I was up in L.A. last weekend on assignment for Sunset Magazine to take in Koreatown's restaurant scene with chef Debbie Lee of Next Food Network Star, Season 5 fame and owner of the Glendale pub grub eatery Ahn-Joo. Before meeting her Saturday night I tooled around the neighborhood on my own, stopping at the large Galleria Plaza on Olympic and Western. This plaza, along with the Koreatown Plaza on Western at 9th, is known for its splendid food court. And the Galleria Plaza is home to the expansive Galleria Market on the ground floor. Well, I'm not about to skip a market opportunity...
In San Diego, I've been a regular shopper at two Korean markets, Zion and First Korean. But having read Lee's cookbook, Seoultown Kitchen, and gotten more familiar with ingredients, I was more directed than aimless with this market visit. And, it didn't hurt that on a Saturday afternoon, there are free samples galore. So, let me point out several highlights of the market that can translate (to some extent) to our local Korean markets, understanding that I'm just skimming the surface.
One of the ingredients I was looking for was Korean peppers. This is most certainly a staple of Korean cuisine and while they are longer (about four inches), thicker, and smooth, not wrinkled--like a shishito or padron--they have a similar flavor. So, we're not talking crazy heat but great flavor. While you could certainly grill them, my experience with them that day at lunch was raw, sliced, and mixed with a sweetish chile sauce.
In the produce section, there was a lady surrounded by customers getting free samples of half-dried persimmons. Sweet and chewy, they are a wonderful snack even if they're a bit odd looking. And, according to the customers I spoke with, that's all they're meant for.
The seafood section is one of those fabulously classic Asian displays, filled with live crabs, a variety of unusual whole fish, shrimp, and, something I hadn't seen in a supermarket, a case of live abalone. They also had refrigerated packages filled with seafood and other ingredients to make different kinds of stews. So, for instance, if you wanted a no-brainer spicy crab stew, you could pick up this package which not only has crab, but clams, shrimp, sliced peppers, onions, green onions, jalapeños, squash, enoki mushrooms, soy bean paste, and hot pepper paste.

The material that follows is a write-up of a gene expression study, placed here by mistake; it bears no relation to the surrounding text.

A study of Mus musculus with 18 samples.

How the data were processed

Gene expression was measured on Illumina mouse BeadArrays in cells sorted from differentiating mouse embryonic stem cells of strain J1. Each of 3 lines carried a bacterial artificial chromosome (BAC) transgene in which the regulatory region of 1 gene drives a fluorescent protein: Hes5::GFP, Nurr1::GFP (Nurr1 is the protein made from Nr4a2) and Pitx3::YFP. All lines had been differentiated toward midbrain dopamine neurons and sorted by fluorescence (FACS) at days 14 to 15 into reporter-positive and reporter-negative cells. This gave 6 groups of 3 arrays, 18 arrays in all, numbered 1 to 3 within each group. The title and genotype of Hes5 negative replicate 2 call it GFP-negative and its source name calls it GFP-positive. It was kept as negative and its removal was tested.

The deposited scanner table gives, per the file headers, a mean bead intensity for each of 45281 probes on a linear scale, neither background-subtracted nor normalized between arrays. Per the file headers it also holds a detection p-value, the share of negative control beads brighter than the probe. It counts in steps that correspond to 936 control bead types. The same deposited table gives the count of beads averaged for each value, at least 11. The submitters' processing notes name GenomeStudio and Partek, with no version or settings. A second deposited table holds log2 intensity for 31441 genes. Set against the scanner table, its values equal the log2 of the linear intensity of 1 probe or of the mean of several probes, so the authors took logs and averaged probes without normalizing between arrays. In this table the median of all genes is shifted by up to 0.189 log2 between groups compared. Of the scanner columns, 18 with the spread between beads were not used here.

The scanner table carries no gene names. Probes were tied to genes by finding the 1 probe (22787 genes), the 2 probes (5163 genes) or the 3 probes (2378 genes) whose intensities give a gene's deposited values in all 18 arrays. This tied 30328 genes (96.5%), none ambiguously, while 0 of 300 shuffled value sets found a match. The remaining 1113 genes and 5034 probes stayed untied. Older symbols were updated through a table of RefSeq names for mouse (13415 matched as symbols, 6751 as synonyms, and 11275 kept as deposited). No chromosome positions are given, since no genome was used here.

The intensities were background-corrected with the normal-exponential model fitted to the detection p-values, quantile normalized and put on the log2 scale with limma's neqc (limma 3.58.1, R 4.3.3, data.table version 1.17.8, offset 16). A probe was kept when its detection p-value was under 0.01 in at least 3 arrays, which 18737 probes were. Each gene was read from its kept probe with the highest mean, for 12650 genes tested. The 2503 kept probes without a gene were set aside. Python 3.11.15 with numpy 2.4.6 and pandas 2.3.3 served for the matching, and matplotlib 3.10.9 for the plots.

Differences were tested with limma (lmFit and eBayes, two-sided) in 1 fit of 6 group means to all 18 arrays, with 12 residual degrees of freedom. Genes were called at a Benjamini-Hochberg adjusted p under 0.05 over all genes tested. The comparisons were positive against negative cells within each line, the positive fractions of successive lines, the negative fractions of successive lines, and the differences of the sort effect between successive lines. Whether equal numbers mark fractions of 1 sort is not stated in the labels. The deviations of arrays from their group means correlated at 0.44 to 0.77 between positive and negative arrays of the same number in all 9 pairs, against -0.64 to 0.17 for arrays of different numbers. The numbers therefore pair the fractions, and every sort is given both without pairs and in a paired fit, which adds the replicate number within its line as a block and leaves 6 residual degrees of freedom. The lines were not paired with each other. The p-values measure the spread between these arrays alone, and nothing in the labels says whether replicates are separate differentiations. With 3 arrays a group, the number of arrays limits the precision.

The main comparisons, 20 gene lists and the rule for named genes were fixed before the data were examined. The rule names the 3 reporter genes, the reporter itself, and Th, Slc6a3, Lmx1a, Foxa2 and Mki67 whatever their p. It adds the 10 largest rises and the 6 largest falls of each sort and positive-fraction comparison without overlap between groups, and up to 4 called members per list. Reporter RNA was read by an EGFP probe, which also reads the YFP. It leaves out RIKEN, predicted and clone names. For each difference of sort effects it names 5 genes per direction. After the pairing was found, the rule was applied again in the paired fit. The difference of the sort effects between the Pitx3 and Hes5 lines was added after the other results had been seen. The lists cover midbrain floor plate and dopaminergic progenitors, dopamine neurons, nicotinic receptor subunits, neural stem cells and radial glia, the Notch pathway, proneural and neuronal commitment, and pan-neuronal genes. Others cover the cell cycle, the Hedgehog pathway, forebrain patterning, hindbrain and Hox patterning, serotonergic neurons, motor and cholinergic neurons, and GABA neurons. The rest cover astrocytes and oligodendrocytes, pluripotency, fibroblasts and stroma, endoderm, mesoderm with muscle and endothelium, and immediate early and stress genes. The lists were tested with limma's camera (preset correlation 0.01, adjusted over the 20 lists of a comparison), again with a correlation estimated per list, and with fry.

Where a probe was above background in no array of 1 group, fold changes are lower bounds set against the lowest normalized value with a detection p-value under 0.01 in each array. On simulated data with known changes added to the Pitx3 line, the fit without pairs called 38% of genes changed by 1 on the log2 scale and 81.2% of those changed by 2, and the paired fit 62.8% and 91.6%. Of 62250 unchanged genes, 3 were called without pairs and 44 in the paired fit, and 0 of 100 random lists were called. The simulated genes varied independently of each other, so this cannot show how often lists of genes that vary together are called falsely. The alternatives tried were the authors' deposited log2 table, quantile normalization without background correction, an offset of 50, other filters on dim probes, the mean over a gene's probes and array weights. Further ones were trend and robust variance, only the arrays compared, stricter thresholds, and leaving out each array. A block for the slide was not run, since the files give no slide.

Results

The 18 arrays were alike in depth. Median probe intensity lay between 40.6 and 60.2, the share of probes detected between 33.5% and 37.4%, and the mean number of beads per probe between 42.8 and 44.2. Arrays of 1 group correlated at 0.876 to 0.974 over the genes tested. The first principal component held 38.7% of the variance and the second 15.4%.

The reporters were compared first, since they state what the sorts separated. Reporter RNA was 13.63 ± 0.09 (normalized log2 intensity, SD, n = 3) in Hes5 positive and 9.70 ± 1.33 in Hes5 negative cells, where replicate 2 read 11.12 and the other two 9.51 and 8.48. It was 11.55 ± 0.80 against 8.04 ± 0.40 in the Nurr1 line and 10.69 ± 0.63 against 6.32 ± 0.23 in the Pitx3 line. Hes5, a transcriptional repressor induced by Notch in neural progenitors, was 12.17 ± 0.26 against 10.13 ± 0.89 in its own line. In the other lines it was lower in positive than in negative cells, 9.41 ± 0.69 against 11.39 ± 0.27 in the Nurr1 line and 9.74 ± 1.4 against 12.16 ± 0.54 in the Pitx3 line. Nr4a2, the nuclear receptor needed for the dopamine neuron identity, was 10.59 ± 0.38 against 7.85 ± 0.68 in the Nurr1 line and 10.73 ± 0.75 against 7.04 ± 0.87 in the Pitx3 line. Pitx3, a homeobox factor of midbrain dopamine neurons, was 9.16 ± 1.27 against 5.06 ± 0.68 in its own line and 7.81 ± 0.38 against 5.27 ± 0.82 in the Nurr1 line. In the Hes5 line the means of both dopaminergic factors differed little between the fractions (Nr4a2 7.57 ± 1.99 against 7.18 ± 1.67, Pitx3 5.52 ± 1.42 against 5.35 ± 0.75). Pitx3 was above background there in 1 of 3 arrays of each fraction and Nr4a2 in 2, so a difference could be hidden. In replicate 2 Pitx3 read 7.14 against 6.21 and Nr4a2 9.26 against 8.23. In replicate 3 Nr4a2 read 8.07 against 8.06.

Behind me as I was eying the seafood counter was the scent of something fragrant cooking. I turned around to find a woman working over a saute pan, creating a seafood pancake made with shrimp, mussels, squid, and clams. Also there for tasting were plates filled with cooked mackerel and razor clams with peppers.
That sight eased me into an aisle filled like a cafeteria with banchan--a row of at least 30 prepared side dishes ranging from stir-fried radish stalk and marinated sand lances to fried fishcake, salted octopus, various kimchees, pickled perillar leaves, and seasoned fresh cucumber. This is when I wished I still lived in L.A. and could buy an assortment of these to take home.
I love condiments and the aisles devoted to condiments at Galleria Market were stunning. Sea salt is big in Korean cooking and there were a variety of brands and sizes, up to five pound bags, of sea salt--fine, coarse, roasted, flavored. Something I'll be picking up at a local Korean market to have on hand is a package of red pepper powder. Spicier than paprika, it turns dishes like those cukes above a vibrant red. It's also used with glutinous rice, flour, corn syrup, and salt to make hot pepper paste, which is added to meats, soups, stews, marinades or used on its own as a spicy dip or relish.
Then there are the toasted sesame seeds, both white and black. Put them in marinades, sauces, and add to vegetable sides. They are plentiful on Galleria Market's shelves.
I'll end with dessert. The bakery here has a crazy array of savory and sweet breads and pastries. Lee tells me there's heavy competition for the donuts on a Sunday morning. What I saw, though, led me to believe that there's heavy competition for everything there. The Korean white bread, which reminds me of Japanese white bread, is square and smooth and would be terrific for French toast.
I was charmed by the displays of cakes and these cupcakes. Like Japanese-style French pastries, Korean-style French pastries are less sweet, making it much easier to over-indulge. These are adorable.
Then there are the croissants and other more adult pastries. I was put off by the prepackaging, but in the back of the retail part of the bakery you can see that baked goods are made on site. So, I'm hoping these are fresh. With all the planned dining ahead of me, I didn't buy any to try; you go, and tell me what you think.
I am looking forward to Lee's visiting San Diego so we can hit not just the Korean restaurants along Convoy, but Zion Market. I wonder how it will compare.